The life of workers in the Canal Zone was filled with hardships: constant rain, backbreaking work, racial tensions between West Indian and white laborers, and the constant fear of debilitating illnesses such as yellow fever or malaria. Early working conditions were so harsh that nearly all skilled American workers deserted within a year. As work on the canal progressed, however, the Isthmian Canal Commission improved facilities and provided incentives for workers to stay. This photo gallery provides a look into the everyday life of the people that lived and worked on the canal from 1904 to 1914.
The life story of Aimee Semple McPherson, religious evangelist instrumental in bringing conservative Protestantism into mainstream culture.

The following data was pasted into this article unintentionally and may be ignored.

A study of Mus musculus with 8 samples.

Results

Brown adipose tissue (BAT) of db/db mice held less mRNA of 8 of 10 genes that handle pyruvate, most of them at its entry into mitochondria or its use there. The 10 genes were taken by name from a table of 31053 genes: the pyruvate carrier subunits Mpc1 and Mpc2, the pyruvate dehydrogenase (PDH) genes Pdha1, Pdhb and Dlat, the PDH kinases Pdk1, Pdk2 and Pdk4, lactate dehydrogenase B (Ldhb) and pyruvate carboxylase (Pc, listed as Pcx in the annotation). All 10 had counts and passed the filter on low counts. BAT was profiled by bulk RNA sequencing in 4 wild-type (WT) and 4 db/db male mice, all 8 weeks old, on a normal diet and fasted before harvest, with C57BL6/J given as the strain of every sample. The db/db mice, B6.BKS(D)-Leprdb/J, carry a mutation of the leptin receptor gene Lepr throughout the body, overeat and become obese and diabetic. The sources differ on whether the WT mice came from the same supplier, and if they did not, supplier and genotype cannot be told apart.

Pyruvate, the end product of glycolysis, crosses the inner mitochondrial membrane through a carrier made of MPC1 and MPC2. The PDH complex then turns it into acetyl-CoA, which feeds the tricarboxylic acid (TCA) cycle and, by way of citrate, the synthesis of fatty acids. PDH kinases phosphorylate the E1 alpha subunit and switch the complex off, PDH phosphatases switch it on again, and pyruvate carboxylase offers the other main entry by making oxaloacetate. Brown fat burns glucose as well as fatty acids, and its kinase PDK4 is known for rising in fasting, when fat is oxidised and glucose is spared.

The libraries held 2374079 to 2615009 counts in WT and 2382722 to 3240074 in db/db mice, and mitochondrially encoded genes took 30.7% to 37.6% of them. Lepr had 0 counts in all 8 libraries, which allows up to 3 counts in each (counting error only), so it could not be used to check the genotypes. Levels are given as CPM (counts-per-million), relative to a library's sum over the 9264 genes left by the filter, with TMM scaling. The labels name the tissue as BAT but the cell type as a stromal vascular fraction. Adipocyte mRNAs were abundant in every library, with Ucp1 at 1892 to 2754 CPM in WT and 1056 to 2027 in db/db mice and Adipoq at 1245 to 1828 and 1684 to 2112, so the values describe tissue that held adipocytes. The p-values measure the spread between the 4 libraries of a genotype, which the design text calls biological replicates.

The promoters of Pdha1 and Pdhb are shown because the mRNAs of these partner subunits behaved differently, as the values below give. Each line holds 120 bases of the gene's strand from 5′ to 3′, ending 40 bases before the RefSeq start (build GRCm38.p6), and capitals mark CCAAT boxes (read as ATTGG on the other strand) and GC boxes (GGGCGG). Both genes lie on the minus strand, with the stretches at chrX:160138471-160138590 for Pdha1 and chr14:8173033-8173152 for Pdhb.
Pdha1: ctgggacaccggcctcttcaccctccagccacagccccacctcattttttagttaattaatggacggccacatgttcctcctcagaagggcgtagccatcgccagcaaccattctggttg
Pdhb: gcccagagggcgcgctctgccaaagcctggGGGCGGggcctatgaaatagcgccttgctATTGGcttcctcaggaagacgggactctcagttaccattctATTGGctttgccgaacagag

A wry philosophical essay on what makes baseball the great American pastime.
John Wesley Powell's epic journey into the unknown Grand Canyon was filled with adventure as his team mapped the Colorado River for the first time.
America's first great songwriter, Stephen Foster, wrote 200 songs but died a penniless alcoholic at 37.
The first woman to fly solo across the Atlantic, Earhart disappeared in 1937 during an attempt to circumnavigate the world by airplane.
His stunning triumph at the 1936 Olympic Games captivated the world even as it infuriated the Nazis. Premiering May 1.
The internationally famous carnival of delights in New York was the birthplace of the hot dog and the roller coaster.
A uniquely impressionistic history of the early years of the Space Race.